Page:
Visualize Retirement

Getting the Most Out of Your Taxable Accounts in Retirement

May 25 2021

As a part of the Visualize Retirement program, Conversation Starters are an ongoing series of easy-to-digest articles designed to demystify the nonfinancial side of retirement. Stay in front of the conversation with fresh, relevant insights based on research into actual retiree behaviors.

Proposed legislation could impact your strategy. Be sure to check with your Financial Professional for updates on the latest tax rules.

When does it make sense to spend your taxable investments to fund retirement  expenses versus holding those investments to pass on to heirs?

four factors

When an investment in a taxable account is sold, taxes are generally owed on the capital gain—the difference between the sale price and the original purchase price (also referred to as the “cost basis”). However, when you die, the cost basis is reset to the investment’s price on the date of death. This is known as a “step-up in basis,” and it effectively eliminates the taxes that would have been paid on any gain to that point.*

This rule can be a benefit for people with wealth beyond what they will need for personal spending in retirement. The challenge is deciding whether to spend the investments in the taxable account or hold them in anticipation of the step-up (spending other assets instead).

What you should consider

Let’s say you have the choice of selling stock (shares, mutual fund, or Exchange Traded Fund investments) in a taxable account or making a qualified withdrawal from a Roth account** (assuming the same investment, with the same characteristics, is held in both accounts).

Four Factors That Indicate You Should Hold Taxable Investments for Step-Up
Investment cost basis


(i.e., a large unrealized gain)

Capital gains tax rate


Your life expectancy


Investment’s dividend rate


If you have a big unrealized gain in your taxable investment, a high tax rate, and you don’t expect to live long, holding on to that investment can benefit your heirs significantly.

Use the 70% Rule

If the investment doesn’t have a dividend, then your decision about whether to sell the investment or withdraw from the Roth is fairly straightforward. Divide the investment’s cost basis by its current value. If the cost basis is more than about 70% of the current value, sell the taxable investment; if it’s less than 70%, use the Roth.

If the investment does have a dividend, however, the amount of the dividend—along with your life expectancy—matters. Dividends are taxed every year and, if the investment will be held for a long time, this tax drag becomes meaningful for someone with a long life expectancy.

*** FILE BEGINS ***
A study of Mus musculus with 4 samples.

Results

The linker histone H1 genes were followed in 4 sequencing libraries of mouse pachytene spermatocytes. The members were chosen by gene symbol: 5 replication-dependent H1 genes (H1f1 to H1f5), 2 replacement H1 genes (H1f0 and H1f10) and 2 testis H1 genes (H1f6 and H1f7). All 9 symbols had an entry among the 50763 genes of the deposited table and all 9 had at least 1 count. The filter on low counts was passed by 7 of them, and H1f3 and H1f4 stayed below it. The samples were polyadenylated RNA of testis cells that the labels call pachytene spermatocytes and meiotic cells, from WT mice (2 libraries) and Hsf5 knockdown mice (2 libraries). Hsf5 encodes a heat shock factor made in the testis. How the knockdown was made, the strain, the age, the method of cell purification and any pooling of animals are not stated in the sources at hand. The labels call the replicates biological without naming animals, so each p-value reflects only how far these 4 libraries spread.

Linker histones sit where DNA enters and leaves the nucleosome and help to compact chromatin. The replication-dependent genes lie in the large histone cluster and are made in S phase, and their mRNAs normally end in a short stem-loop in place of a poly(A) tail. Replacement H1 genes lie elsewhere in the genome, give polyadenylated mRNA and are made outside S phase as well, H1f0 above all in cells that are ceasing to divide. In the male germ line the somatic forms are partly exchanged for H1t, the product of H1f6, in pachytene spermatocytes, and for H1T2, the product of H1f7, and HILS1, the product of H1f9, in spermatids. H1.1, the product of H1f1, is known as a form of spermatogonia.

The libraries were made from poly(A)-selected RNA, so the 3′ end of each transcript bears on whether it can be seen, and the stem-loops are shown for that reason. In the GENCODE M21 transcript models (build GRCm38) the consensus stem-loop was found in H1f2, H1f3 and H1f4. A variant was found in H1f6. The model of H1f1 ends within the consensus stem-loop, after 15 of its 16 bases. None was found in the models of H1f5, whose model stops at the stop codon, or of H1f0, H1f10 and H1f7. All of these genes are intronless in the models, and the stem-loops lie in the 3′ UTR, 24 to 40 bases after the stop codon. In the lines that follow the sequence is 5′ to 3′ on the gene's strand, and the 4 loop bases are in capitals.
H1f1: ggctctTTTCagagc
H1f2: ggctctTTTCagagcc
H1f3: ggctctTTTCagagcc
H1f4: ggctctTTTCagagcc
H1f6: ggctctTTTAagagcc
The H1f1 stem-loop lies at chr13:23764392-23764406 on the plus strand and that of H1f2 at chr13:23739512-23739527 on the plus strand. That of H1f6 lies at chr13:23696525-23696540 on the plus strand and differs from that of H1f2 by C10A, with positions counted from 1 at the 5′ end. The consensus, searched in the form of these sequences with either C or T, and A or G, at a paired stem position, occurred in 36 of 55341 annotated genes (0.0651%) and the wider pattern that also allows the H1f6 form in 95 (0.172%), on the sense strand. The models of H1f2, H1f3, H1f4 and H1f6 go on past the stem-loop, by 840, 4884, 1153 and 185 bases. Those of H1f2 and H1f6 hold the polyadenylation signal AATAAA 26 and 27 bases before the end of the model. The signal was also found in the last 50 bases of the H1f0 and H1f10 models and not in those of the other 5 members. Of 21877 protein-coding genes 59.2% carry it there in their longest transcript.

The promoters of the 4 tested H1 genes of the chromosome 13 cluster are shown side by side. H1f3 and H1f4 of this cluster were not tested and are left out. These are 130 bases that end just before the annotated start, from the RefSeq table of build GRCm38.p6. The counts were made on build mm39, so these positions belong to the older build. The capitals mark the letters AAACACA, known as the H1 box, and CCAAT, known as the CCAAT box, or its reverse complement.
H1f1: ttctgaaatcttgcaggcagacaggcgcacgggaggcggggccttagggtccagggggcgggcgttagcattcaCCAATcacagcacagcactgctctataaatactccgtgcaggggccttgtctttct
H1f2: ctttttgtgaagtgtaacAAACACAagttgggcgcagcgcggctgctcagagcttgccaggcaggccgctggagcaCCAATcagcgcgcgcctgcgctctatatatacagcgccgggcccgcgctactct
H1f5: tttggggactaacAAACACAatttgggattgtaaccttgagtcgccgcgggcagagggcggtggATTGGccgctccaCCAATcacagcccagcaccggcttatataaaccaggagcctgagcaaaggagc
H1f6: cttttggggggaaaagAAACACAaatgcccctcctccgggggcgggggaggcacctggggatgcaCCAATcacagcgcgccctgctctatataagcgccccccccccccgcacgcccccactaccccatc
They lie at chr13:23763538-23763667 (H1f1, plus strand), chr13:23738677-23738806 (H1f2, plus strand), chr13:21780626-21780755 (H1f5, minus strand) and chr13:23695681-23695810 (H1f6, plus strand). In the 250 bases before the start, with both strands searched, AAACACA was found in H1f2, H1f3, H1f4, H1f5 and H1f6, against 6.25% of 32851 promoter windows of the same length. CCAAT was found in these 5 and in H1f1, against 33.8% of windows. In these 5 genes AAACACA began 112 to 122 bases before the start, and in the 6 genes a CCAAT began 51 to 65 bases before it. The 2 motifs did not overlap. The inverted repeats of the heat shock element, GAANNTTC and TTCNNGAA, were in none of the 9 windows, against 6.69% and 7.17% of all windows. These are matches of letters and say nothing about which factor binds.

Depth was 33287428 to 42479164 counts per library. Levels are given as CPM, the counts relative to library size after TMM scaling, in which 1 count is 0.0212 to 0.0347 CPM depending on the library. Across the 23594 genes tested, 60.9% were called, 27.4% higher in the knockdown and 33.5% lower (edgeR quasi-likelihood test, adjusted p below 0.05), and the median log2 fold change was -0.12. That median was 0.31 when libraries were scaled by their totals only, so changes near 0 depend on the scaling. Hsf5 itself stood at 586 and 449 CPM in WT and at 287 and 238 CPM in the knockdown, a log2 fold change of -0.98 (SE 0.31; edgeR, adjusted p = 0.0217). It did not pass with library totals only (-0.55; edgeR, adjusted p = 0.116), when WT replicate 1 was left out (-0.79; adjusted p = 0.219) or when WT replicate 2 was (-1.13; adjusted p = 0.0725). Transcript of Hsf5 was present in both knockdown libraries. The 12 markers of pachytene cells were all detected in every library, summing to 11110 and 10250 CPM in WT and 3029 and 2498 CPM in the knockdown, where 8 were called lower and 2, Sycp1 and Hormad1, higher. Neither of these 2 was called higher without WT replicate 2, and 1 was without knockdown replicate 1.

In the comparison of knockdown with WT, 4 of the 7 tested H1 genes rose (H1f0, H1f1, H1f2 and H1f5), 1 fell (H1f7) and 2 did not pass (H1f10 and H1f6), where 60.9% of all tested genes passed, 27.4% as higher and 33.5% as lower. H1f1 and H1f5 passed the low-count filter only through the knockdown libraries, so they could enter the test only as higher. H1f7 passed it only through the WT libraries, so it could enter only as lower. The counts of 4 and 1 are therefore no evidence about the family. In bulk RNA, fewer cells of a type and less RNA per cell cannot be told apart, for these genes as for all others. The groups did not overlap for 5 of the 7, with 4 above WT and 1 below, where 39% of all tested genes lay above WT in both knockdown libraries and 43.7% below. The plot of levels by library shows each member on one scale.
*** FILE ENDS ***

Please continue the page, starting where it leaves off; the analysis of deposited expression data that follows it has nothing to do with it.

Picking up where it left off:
70% rule

For more information on how these issues can affect your decision—and other important details—read our full report on the topic at, or contact your financial professional.


Having assets you can leave your loved ones is a good problem to have. Proper planning can help ensure your spending is as tax-efficient as possible. Here are some next steps to help you with this important decision

  1. Review the stock investments in your taxable accounts.
  2. Evaluate the four factors for each: cost basis, your tax rate, your life expectancy, and the investment’s dividend rate.
  3. Talk to your financial professional, who can help you evaluate your situation so you feel confident you’re making an appropriate decision.

* Exceptions apply.

** Generally, Roth IRA distributions are qualified if the owner is over age 59½ and the account has been open at least 5 years.

This material has been prepared for general and educational purposes only. This material does not provide recommendations concerning investments, investment strategies, or account types. It is not individualized to the needs of any specific investor and is not intended to suggest that any particular investment action is appropriate for you, nor is it intended to serve as the primary basis for investment decision-making. Any tax-related discussion contained in this material, including any attachments/links, is not intended or written to be used, and cannot be used, for the purpose of (i) avoiding any tax penalties or (ii) promoting, marketing, or recommending to any other party any transaction or matter addressed herein. Please consult your independent legal counsel and/or tax professional regarding any legal or tax issues raised in this material.

All investments involve risk, including possible loss of principal.